The Visa Waiver Program (VWP) allows a maximum stay of 90 days stay. If you go to Canada, Mexico or the Caribbean, and while you are there your initial 90-day period of entry expires, you may encounter a problem when you need to come back in to the U.S. to fly home. The terms of the VWP are very clear – it is only to be used for occasional, short visits to the U.S. If the U.S. Customs and Border Protection ( CBP) Officer thinks you are trying to “reset” the clock by making a short trip out of the U.S. and re-entering for another 90-day period, you can be denied entry. (If that happens, you will have to obtain a visa for any future travel to the U.S.) In order to be re-admitted to the U.S. shortly after a previous admission expired, you will have to convince a CBP Officer that you are not trying to “game” the system.
The following outlines a few common situations facing those travelling for an extended time in Canada or Mexico.
Travelling to Canada for the Canadian Working Holiday Program (WHP)
Applicants travelling to Canada for the Canadian WHP may wish to apply for a tourist visa prior to travel, rather than use the VWP. Most flights to Canada transit the United States, and if you are planning to spend longer than 90 days in Canada the VWP may not be appropriate for such a transit.
Additionally, WHP participants may wish to visit the United States from time to time while living in Canada. This again may require a tourist visa, rather than the VWP. Most short terms visitors to the United States enter on the B1/B2 Business/Tourism visa. This visa is valid for 1 or 10 years for New Zealand citizens and allows for multiple entries during this time. If you hold a passport from a country other than New Zealand you can check the validity for that passport at the following: http://travel.state.gov/visa/fees/fees_3272.html
Study in Canada or Mexico
Those planning to go on exchange in Canada or Mexico find themselves in a similar situation to the one outlined above for WHP participants. Though the planned period of stay is normally shorter (5 months instead of 12 or 24), a visa may be required as it exceeds 90 days. Ultimately, entry will always be at the discretion of the U.S. Customs and Border Protection officer at the port of entry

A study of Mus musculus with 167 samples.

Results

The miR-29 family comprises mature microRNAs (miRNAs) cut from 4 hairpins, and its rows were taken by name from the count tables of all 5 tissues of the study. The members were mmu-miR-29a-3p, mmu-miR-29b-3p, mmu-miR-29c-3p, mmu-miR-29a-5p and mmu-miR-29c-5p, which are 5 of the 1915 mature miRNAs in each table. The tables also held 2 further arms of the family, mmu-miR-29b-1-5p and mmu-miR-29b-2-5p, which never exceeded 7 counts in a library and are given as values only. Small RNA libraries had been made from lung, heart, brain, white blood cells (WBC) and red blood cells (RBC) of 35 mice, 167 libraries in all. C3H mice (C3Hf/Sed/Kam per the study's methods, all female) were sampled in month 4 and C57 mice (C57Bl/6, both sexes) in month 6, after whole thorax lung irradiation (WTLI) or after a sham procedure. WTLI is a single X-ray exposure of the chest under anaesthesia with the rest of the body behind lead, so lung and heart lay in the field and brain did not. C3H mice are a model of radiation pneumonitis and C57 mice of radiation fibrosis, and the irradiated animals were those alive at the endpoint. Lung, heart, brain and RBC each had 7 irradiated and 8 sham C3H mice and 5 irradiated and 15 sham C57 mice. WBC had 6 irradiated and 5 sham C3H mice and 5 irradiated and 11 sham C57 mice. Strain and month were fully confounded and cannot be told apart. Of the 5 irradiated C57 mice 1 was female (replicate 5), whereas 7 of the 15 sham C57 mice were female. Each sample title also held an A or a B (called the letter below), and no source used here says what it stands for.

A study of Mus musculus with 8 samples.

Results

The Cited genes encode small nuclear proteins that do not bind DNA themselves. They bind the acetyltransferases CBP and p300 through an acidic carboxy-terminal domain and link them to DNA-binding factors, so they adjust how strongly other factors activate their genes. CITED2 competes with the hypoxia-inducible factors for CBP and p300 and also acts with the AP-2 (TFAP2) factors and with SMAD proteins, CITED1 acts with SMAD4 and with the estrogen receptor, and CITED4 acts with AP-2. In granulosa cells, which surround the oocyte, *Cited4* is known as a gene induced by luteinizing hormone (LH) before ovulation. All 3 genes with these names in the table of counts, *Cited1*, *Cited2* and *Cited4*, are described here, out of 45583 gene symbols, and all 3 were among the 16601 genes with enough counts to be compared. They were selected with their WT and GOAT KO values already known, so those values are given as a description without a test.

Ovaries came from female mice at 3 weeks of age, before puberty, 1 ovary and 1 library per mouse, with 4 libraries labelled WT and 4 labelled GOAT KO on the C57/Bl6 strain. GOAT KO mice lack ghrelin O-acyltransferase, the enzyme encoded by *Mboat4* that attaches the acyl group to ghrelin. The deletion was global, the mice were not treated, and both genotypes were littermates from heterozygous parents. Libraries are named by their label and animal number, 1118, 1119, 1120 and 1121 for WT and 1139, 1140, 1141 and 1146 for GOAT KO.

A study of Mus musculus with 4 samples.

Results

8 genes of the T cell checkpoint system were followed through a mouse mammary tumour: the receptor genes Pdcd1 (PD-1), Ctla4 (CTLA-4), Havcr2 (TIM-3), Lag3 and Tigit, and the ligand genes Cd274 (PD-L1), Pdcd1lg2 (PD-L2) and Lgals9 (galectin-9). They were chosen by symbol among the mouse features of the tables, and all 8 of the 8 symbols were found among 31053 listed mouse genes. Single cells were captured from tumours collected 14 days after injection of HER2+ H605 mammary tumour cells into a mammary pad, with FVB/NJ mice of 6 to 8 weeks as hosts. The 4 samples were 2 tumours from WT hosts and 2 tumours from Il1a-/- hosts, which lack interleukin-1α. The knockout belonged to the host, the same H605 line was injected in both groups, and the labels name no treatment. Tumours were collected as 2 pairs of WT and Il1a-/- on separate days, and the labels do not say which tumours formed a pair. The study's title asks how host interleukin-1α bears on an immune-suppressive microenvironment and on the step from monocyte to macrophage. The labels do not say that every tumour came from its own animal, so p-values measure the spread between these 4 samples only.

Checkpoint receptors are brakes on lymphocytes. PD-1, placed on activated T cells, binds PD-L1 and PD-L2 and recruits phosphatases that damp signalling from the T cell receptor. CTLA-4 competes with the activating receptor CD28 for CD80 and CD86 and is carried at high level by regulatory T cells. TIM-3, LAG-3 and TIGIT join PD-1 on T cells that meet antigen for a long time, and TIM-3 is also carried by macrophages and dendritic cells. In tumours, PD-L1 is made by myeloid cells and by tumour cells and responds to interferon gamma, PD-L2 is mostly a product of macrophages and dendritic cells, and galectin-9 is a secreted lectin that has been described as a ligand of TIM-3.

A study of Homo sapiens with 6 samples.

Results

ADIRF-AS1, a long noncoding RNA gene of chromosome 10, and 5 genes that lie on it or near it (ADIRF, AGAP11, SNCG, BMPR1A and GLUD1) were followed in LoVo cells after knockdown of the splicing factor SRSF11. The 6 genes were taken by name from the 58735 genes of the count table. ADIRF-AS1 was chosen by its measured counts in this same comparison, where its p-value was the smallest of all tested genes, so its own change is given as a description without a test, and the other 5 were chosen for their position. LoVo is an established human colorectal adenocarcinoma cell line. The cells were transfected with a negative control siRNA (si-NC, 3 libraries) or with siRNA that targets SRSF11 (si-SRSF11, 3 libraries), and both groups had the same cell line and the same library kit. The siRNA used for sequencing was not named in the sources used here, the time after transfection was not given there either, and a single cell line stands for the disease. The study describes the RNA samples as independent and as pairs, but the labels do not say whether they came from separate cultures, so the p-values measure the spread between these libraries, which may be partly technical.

J1 Visa Holders
If you have been in the United States on a J1 visa and wish to visit Canada or Mexico at the conclusion of your program, you may not be able to use the VWP to re-enter the United States. In this instance you may require a B1/B2 visa.
All passengers must have permission to enter the United States, regardless of their intended length of stay or whether or not they intend to leave the airport. If your flight stops in the United States, this is considered to be your first entry, and the 90 day admission period will begin from that date. As such, a visa may be required for your stay in Canada or Mexico even if you only plan to transit the United States on your way to and from New Zealand or another destination.
Transit to Mexico – travelling on to Central/South America
If you are planning to transit the United States on the way to Mexico you may be able to use the VWP, provided that your itinerary shows you leaving North America entirely before re-entering the United States. For example, if you were to travel in Mexico before heading south to Guatemala or Brazil, you would have left the VWP zone. As such, you would be permitted to transit back through the United States on the VWP to your next destination.
The following is a list of the adjacent islands which are also included in the VWP ‘zone’.
Anguilla, Antigua, Aruba, Bahamas, Barbados, Barbuda, Bermuda, Bonaire, British Virgin Islands, Cayman Islands, Cuba, Curacao, Dominica, Dominican Republic, Grenada, Guadeloupe, Haiti, Jamaica, Marie-Galante, Martinique, Miquelon, Montserrat, Saba, Saint-Barthelemy, Saint Christopher, Saint Eustatius, Saint Kitts-Nevis, Saint Lucia, Saint Maarten, Saint Martin, Saint Pierre, Saint Vincent, Grenadines, Trinidad, Tobago, Turks and Caicos Islands, Other British, French and Netherlands territory or possessions bordering on the Caribbean Sea.
For further information regarding the B1/B2 visa, please visit the following: http://travel.state.gov/content/visas/english.html
For more information or further clarification, please contact:
- The Visa Waiver Program zone of North America includes the United States, Canada, Mexico and the adjacent Caribbean islands.
- Central America is the area between Guatemala and Panama. This is the area south of Mexico and north of Colombia.
For the convenience of applicants who want to reschedule their appointment we have an improved feature on the online appointment website http://www.ustraveldocs.com/nz or via call centre (+64) 9 887 5999. The option to view available appointments before cancellation has been made available to applicants. If an applicant wishes to reschedule his/her appointment after he/she has already scheduled an appointment, the applicant can now click onto the new feature “Reschedule Appointment”. He/she will then be able to able to view the available slots before cancelling the existing appointment. Please note that this feature is only available if the applicant has already scheduled an appointment AND the receipt has not exceeded the allowable usage limit. If the limit is reached i.e. the 3rdscheduling, there is a pop up message that says “If you cancel this appointment, then you will have exceeded the limit of appointments cancelled, and will not be able to schedule another appointment until another MRV fee has been paid.”